Two sets of human remains unearthed at
Dozier

Deborah Buckhalter / Jackson County Floridan

After three days of meticulous work with picks, shovels, trowels and
other small hand tools, University of South Florida professor Dr. Erin
Kimmerle and her team had reached two sets of human remains at the
old Dozier School for Boys by early Monday afternoon.

One set was uncovered at a depth of about 20-25 centimeters, and
about 30 meters away from the area of the cemetery which had been
marked with crosses years earlier in a memorial project carried out by
a Boy Scout troop.  

The other set was about a meter down and a bit farther away. The first
set appeared to be that of a young boy, about 12 years of age,
Kimmerle said.

The second set of remains had not been fully unearthed as of
Monday, and no conclusions could be drawn about those.

The discovery of the remains came as no surprise to Kimmerle;
preliminary work she had done in the cemetery months ago suggested
they would be there.

The team had concentrated on those two areas of the grounds and
one more. The third area also showed the evidence Kimmerle
expected--the remnants of a fence line that is of interest to her in
helping confirm the confines of the graveyard.

The goal of the exhumation project is to locate and, with the help of
family DNA comparisons, identify as many remains as possible, and to
potentially to draw some conclusions about how the people died.
Deborah Buckhalter / Jackson County Floridan
University of South Florida professor Dr. Erin Kimmerle, right, and Brett Harding of the District
5 Medical Examiner’s Office talk to reporters at the entrance gate to Dozier after the third day
of excavation work in the cemetery of the old school. Kimmerle is leading an effort to exhume,
examine and indentify all the remains in the cemetery, including those within an area that was
marked with crosses years ago and any others found in its larger known borders. The team
also expects to search other areas of the campus to see if other burial grounds exist.  
With historic records at Dozier incomplete and sometimes in conflict, Kimmerle is attempting to perhaps reconcile the accounts.

The remains that can be repatriated with family for private burial will be sent home. Those remaining unknown will be reinterred in a fitting manner. The project began
after a family member of a boy who died there approached Kimmerle seeking her help in locating his relative’s remains, and afterward Kimmerle sought permission to
examine the grounds. A series of steps were taken to obtain it, in court and eventually through Gov. Rick Scott, Attorney General Pam Bondi and the rest of the Florida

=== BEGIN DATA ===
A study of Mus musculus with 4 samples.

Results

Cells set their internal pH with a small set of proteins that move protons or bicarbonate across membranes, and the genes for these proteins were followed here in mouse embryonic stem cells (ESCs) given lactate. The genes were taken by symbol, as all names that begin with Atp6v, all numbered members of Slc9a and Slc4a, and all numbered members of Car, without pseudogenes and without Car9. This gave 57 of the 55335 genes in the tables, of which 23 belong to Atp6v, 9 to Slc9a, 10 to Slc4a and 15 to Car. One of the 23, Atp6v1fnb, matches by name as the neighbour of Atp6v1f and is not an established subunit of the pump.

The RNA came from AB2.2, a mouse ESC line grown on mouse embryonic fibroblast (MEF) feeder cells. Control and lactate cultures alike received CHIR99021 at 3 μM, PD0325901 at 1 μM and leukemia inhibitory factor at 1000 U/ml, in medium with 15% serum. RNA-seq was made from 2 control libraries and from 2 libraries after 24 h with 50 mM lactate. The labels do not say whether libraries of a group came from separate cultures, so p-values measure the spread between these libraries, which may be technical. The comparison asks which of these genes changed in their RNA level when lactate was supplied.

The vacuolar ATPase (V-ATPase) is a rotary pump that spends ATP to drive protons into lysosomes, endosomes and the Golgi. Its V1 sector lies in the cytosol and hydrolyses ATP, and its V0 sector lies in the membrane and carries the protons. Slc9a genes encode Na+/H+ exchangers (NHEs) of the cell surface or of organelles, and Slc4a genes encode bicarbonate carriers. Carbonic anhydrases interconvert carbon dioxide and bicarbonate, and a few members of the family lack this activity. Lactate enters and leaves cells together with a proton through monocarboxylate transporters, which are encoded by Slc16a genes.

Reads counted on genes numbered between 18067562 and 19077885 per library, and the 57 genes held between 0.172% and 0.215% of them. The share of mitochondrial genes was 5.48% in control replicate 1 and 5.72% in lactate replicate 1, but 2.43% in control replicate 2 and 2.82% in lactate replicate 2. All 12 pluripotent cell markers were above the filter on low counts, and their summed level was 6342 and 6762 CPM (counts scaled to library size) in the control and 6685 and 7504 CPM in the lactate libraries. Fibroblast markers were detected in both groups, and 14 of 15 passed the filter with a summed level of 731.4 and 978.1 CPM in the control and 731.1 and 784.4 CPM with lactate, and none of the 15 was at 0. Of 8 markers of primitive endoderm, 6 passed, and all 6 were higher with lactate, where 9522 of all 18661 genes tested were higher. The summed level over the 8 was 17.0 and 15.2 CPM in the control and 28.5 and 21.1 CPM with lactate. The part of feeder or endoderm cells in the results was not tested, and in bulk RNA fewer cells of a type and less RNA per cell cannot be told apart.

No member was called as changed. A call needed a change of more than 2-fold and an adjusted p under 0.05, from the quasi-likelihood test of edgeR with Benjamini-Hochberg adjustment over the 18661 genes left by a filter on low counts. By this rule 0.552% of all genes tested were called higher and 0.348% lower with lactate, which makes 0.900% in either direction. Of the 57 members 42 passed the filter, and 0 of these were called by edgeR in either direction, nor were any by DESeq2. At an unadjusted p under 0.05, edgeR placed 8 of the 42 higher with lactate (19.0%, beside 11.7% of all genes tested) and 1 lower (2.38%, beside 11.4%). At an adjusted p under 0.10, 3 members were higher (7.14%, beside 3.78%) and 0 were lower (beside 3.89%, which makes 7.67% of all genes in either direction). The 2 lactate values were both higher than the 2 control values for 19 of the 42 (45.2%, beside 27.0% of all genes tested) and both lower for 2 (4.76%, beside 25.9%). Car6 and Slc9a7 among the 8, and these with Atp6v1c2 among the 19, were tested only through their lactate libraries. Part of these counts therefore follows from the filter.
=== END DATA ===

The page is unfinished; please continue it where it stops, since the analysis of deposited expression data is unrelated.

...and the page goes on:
Cabinet.

With mud stains on the knees of their pants and clay caked on the soles of their shoes, Kimmerle and two members of her team emerged from the known cemetery at
the old Dozier School for Boys Monday to talk briefly with reporters. The other dozen or so stayed in the cemetery continuing their tasks.  Kimmerle said large bone
fragments, a skull and some teeth had been recovered, along with remnants of a burial shroud, some pins associated with it, and some fragments of wood believed to be
what’s left of a pine box casket.

Kimmerle is hoping to have all of remains from the two grave shafts out of the ground before the end of Tuesday.
She will be back periodically to do more work with larger equipment that will be able to scrape some of the topsoil away, now that the probable depth for remains is
known, rather than having teams remove the top layer by hand as the first shafts were treated. This first dig was conducted in this way as a test of methods and to set
guidelines for future work.

The team includes several of Kimmerle’s graduate students, members of the Hillsborough County Sheriff’s Office-- with whom Kimmerle has worked several times in the
past—and  at least one volunteer from the District 5 Medical Examiner’s Office.

Kimmerle, who suspects there are roughly 50 sets of remains rather than the 31 showing in record, expects to have the known graveyard clear by spring of 2014, but is
also looking at other areas of campus where interviewees have told her they believe others may have been buried.

She has control of the site for the next year, and said she is confident that field work can be complete by then. She will then concentrate more on lab work as she and
her students further study what they’ve brought above ground.

An additional family member of a  Dozier resident provided a DNA sample this weekend in hopes that it could be compared with remains recovered on the grounds and
help Kimmerle in the overall goal of identifying those buried at the school.  About a half-dozen people have provided DNA for comparison so far in the project.